I've been googling around for a cheap CDN service and came across: http://code.google.com/speed/pss/index.html
This seems to be a competitor to other CDN services, is this the case?
Ok, judging from the faq it proxies pages and images (up to 50M) and follows up visits (how many? all of them? wasting bandwidth?) and POST requests (up to 2M) to the original site.
It does not serve videos or swfs, and I suppose zip files too are out of question.
It proxies requests, but it modifies your webpages (to improve speed, yeah) this part of the service could break some scripts.
It sounds good, as long as it stays free, but it's hard they keep it so after testing is over.
The best thing about it, to me, is the fact the setup may happen during worst case/slashdot scenarios, when you have no access to the overloaded server, but the DNS panel of your registrar may still be functional.
The worst thing is that it's not clear if in such scenario your server would be actually freed of the pression and clear to operate or just clogged back again in by the google proxy. I suppose it woud be freed, but the details on that are quite important and not clear. (as the service is not officially focused on availability)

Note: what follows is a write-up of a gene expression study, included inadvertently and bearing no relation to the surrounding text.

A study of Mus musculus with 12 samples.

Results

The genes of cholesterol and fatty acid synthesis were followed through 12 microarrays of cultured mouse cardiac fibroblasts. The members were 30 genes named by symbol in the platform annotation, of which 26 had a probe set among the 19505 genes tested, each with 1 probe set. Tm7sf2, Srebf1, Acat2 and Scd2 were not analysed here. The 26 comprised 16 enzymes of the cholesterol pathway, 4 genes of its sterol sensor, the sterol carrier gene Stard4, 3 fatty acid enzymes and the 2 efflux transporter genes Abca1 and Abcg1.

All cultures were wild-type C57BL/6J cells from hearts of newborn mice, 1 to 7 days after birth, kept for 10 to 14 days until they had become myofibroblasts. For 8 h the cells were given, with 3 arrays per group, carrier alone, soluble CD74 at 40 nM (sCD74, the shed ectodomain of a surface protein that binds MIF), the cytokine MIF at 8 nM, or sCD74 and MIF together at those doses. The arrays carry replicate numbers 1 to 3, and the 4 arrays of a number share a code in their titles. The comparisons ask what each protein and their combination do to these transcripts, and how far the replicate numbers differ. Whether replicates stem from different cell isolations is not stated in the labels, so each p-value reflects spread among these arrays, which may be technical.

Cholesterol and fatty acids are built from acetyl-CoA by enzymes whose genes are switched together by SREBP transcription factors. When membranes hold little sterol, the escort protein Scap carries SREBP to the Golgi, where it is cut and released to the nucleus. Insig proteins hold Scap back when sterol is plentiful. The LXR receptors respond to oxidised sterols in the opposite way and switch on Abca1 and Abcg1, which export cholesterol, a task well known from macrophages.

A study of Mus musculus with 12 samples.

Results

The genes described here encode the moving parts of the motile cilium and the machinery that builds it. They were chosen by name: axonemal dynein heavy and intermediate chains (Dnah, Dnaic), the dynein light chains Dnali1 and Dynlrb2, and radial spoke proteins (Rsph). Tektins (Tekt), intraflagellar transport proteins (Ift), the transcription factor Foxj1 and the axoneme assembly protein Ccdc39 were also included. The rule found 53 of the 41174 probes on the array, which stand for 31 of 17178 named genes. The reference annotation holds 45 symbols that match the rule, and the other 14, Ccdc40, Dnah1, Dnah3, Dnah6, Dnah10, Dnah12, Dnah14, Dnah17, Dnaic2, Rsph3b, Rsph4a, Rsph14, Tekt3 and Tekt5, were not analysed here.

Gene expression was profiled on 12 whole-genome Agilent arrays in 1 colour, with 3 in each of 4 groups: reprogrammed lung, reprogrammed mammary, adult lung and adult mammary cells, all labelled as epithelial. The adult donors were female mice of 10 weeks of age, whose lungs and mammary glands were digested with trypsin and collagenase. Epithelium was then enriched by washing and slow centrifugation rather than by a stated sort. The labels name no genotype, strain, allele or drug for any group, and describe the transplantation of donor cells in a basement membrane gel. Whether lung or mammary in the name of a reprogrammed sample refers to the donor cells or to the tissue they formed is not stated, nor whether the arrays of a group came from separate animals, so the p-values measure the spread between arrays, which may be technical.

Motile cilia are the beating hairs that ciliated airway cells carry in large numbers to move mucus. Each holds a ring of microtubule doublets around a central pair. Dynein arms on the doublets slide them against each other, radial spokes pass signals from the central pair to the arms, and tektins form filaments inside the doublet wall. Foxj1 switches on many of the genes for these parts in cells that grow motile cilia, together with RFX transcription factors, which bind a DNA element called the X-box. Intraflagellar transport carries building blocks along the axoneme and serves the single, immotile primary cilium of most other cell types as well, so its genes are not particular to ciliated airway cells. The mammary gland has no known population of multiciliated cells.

It may be a google way to shovel the google apps network of servers back in niches where it cannot go because of their choice of python as a programming language, but that's just a hunch I have.
Yeah I have recently come across a few free ones. The best that I have seen are:
They have some security and other benefits also. Worth checking out.
For some more information on what there is available out there it is also worth checking out http://cloudharmony.com. They do benchmarks and give out information on the major competitors.
But from what I understand, for large commercial websites it's still better to use a CDN. These kind of speed up services are still a but buggy. Some of the speed up services also integrate a spam protection which can be buggy sometimes and block people.
Note that the bug CDN's as amazon etc are not that expensive, only a few cents per gig.